One of the reasons the Rays have had such a hard go of it lately has been that their best hitter — Evan Longoria — is really fighting it. He went 0 for 5 in last night’s loss to the Padres and he’s 4 for his last 31 in his last eight games.
As Tony Fabrizio of the Tampa Tribune notes in his game story this morning, Longoria grounded into a double play with two
on in the third, stranded six runners in all, and then topped the night off by striking out to end the game with the tying run at first base.
Longoria will get better, of course, because he is better. But one thing is clear: the Rays’ skid is not just a function of happenstance. They’ve been putting in a full-team’s effort worth of stink lately.
“Work fast and throw strikes” has long been the top conventional wisdom for those preaching pitching success. The “work fast” part of that has increasingly gone by the wayside, however, as pitchers take more and more time to throw pitches in an effort to max out their effort and, thus, their velocity with each pitch.
Now, as Ben Lindbergh of The Ringer reports, the “throw strikes” part of it is going out of style too:
Pitchers are throwing fewer pitches inside the strike zone than ever previously recorded . . . A decade ago, more than half of all pitches ended up in the strike zone. Today, that rate has fallen below 47 percent.
There are a couple of reasons for this. Most notable among them, Lindbergh says, being pitchers’ increasing reliance on curves, sliders and splitters as primary pitches, with said pitches not being in the zone by design. Lindbergh doesn’t mention it, but I’d guess that an increased emphasis on catchers’ framing plays a role too, with teams increasingly selecting for catchers who can turn balls that are actually out of the zone into strikes. If you have one of those beasts, why bother throwing something directly over the plate?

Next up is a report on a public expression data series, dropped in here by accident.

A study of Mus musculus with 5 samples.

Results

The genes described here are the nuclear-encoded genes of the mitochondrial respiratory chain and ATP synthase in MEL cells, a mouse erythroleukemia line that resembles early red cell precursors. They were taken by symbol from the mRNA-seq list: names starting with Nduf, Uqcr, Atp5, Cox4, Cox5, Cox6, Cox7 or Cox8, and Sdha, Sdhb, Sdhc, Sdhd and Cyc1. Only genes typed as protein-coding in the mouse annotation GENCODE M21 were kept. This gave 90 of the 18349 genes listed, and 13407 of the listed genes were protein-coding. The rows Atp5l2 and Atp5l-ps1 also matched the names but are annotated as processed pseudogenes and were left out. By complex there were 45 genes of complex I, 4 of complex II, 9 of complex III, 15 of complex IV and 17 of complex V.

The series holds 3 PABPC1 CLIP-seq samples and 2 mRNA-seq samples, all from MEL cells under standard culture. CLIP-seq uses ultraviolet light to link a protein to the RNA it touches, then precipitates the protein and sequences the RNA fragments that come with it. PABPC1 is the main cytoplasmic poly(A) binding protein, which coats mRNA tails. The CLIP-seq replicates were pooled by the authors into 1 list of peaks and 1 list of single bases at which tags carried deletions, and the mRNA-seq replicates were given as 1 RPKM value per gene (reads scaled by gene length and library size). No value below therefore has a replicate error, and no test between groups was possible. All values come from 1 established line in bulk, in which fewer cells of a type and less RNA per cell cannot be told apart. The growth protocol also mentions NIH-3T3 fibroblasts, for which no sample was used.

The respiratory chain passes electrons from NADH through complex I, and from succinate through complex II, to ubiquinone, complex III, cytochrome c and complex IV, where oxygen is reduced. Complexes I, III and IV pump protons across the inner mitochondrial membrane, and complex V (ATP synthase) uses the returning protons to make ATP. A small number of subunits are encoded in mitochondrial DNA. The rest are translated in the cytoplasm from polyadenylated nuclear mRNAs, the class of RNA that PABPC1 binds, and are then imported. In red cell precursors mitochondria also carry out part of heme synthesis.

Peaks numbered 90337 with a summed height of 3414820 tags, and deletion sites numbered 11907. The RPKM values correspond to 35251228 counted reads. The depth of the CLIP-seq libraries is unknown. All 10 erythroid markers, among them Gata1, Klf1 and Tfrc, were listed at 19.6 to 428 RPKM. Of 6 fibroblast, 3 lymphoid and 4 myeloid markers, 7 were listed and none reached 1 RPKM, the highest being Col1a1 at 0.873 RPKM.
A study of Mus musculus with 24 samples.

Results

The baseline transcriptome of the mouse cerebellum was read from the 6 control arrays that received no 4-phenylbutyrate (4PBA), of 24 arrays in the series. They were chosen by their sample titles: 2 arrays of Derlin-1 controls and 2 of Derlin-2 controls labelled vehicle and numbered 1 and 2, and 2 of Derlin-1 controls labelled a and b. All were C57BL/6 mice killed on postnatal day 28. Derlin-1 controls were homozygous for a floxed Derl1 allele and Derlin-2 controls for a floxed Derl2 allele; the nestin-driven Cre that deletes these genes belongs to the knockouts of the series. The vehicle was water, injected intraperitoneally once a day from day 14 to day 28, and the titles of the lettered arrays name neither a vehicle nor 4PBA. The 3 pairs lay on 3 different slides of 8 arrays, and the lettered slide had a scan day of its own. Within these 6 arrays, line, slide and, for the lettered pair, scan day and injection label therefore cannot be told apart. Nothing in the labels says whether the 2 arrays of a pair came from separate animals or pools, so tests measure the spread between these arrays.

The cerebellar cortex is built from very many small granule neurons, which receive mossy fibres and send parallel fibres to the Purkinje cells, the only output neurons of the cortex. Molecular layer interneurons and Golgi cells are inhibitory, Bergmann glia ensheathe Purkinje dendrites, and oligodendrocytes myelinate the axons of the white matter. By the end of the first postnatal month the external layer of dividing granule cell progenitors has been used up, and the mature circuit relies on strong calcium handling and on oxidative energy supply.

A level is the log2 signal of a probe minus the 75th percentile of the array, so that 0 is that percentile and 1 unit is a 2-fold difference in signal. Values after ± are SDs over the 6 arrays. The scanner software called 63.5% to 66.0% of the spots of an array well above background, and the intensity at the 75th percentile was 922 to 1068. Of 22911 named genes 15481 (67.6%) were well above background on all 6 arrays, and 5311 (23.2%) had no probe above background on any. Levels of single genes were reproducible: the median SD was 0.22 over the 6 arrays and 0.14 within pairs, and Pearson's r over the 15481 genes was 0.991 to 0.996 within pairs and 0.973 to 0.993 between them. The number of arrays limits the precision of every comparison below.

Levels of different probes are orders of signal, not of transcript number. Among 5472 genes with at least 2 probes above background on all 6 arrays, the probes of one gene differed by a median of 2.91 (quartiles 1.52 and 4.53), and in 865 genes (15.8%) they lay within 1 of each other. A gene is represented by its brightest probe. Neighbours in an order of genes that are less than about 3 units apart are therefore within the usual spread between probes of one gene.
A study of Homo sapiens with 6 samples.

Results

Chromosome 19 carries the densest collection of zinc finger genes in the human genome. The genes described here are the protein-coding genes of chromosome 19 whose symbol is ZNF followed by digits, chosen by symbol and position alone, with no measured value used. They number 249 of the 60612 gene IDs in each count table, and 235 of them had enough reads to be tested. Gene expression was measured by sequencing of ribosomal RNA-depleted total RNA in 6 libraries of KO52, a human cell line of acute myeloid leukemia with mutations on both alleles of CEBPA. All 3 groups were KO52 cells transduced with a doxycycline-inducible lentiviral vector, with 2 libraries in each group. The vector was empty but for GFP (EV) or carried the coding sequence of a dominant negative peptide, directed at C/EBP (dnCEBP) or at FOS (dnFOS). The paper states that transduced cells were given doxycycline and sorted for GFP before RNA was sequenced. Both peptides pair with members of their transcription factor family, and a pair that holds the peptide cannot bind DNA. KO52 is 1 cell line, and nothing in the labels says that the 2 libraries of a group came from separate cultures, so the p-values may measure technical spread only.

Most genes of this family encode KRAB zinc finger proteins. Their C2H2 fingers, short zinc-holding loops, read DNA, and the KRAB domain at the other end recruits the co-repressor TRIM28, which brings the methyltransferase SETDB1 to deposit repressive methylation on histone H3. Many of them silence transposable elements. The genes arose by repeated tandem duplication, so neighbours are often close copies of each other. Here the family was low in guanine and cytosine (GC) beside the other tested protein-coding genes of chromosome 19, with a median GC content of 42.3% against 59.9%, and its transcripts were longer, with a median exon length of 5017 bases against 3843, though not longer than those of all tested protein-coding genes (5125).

There is an unintended downside to all of this: a lack of action. As Lindbergh notes — and as you’ve not doubt noticed while watching games — there are more walks and strikeouts, there is more weak contact from guys chasing bad pitches and, as a result, games and at bats are going longer.
As always, such insights are interesting. As is so often the case these days, however, such insights serve as an unpleasant reminder of why the on-field product is so unsatisfying in so many ways in recent years.